Editorial Note on a Charity Appeal
Broadside: American Philosophical Society
Among Franklin’s papers in the American Philosophical Society is a one-page printed invitation to the “Assemblées de Charité,” held at the Grand Châtelet on Wednesday, Thursday, and Friday afternoon of Holy Week, April 15–17, 1778; it was in a packet that Franklin endorsed “Notes and Invitations.” The assembly was a religious service followed by a sermon, and the first preacher was Claude Fauchet.3 The money collected from the congregation, or sent by well-wishers who could not attend, was for the assistance of poor prisoners and for the release of those jailed because they could not pay for the feeding of their infants. A lady of high station, according to a handwritten note at the end, was in charge of the collection at each service; the comtesse Auguste de la Marck on Wednesday, the marquise de Lafayette on Thursday, and the comtesse de Vauban on Friday.4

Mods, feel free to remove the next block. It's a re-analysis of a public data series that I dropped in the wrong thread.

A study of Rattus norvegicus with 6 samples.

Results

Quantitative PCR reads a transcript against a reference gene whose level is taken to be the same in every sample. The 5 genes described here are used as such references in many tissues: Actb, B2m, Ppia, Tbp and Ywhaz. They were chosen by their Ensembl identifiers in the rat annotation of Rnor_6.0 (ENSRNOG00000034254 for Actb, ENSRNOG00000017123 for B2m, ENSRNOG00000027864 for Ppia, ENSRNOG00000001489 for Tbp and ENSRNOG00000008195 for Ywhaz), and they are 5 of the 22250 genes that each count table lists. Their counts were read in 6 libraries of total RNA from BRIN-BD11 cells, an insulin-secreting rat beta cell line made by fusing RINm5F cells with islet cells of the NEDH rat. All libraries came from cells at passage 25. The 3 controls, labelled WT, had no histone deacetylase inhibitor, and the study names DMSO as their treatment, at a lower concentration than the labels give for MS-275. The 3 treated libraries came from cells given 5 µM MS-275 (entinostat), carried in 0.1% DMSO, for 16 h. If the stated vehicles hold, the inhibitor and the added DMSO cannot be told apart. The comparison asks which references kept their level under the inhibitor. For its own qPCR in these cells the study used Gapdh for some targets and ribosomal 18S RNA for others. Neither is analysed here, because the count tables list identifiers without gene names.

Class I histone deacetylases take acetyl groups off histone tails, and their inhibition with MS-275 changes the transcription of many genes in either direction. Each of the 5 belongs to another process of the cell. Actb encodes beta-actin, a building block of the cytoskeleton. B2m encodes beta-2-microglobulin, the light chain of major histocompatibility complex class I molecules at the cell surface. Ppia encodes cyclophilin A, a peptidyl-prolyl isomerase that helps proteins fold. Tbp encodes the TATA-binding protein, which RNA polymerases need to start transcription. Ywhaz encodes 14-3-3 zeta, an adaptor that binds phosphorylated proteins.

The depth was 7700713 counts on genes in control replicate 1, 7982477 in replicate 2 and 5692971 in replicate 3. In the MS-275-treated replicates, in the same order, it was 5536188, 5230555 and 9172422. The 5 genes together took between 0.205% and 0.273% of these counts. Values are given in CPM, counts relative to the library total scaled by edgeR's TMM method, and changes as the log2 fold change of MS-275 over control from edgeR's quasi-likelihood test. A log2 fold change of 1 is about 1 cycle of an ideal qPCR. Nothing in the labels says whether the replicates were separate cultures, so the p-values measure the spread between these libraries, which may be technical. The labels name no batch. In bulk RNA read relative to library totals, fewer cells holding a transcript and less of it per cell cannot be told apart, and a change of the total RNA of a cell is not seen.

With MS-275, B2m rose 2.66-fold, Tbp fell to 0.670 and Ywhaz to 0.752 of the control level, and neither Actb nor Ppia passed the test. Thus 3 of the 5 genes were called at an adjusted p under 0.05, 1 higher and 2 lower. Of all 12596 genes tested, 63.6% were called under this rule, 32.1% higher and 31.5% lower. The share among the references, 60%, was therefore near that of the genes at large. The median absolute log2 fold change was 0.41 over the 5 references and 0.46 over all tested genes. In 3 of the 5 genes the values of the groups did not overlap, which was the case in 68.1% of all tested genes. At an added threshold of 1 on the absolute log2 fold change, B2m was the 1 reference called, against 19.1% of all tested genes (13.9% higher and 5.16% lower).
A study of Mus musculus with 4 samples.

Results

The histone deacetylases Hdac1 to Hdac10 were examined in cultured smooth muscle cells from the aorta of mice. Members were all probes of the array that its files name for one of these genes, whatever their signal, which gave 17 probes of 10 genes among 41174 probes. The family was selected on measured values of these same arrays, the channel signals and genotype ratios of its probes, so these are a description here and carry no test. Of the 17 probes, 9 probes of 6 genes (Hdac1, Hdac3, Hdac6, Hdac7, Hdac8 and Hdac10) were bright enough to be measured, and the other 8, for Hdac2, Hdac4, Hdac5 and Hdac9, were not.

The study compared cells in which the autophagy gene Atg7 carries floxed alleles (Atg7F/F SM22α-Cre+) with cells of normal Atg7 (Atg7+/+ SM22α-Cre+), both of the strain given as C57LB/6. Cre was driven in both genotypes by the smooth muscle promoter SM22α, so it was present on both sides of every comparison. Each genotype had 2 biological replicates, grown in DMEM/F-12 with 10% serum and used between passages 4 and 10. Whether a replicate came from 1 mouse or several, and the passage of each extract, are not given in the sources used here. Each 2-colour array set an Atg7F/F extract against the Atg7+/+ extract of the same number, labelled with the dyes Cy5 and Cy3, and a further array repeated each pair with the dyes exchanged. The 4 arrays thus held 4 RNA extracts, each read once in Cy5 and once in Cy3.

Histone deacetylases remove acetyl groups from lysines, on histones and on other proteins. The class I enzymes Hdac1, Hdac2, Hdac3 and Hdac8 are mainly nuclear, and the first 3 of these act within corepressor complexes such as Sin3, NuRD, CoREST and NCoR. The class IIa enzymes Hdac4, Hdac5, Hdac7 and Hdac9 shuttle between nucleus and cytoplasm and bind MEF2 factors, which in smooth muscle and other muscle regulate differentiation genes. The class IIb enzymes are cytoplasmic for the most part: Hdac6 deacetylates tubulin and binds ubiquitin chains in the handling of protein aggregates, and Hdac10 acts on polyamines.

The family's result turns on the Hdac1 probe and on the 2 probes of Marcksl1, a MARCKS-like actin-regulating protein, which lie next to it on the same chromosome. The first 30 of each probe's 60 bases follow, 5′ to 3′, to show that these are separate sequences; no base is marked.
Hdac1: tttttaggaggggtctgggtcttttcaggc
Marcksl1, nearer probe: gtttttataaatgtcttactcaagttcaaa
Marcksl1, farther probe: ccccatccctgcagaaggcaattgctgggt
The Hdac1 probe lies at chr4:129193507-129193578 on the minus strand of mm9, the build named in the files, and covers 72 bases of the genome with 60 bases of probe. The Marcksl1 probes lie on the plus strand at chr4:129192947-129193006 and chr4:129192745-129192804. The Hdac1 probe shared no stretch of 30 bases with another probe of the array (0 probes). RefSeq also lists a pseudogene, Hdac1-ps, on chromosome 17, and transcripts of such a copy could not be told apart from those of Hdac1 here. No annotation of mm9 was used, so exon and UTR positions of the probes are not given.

3. Prédicateur du roi, who in July, 1790, delivered a famous eulogy of BF; he became a Girondist, and was guillotined in 1793. Larousse.
4. The authorities did not wait for the Friday collection. That morning the director general of the Bureau des nourrices was instructed to call at the prison and release 53 inmates who had not paid for the months of feeding (by wet nurses); they owed their freedom, he told them, to the generosity of the Queen. The prisoners cried with joy and attended mass; then each “retourna au sein de sa famille, pour essuyer les pleurs de sa femme, et recevoir les caresses de ses enfans.” Jour. de Paris, May 16, 1778, pp. 542–3.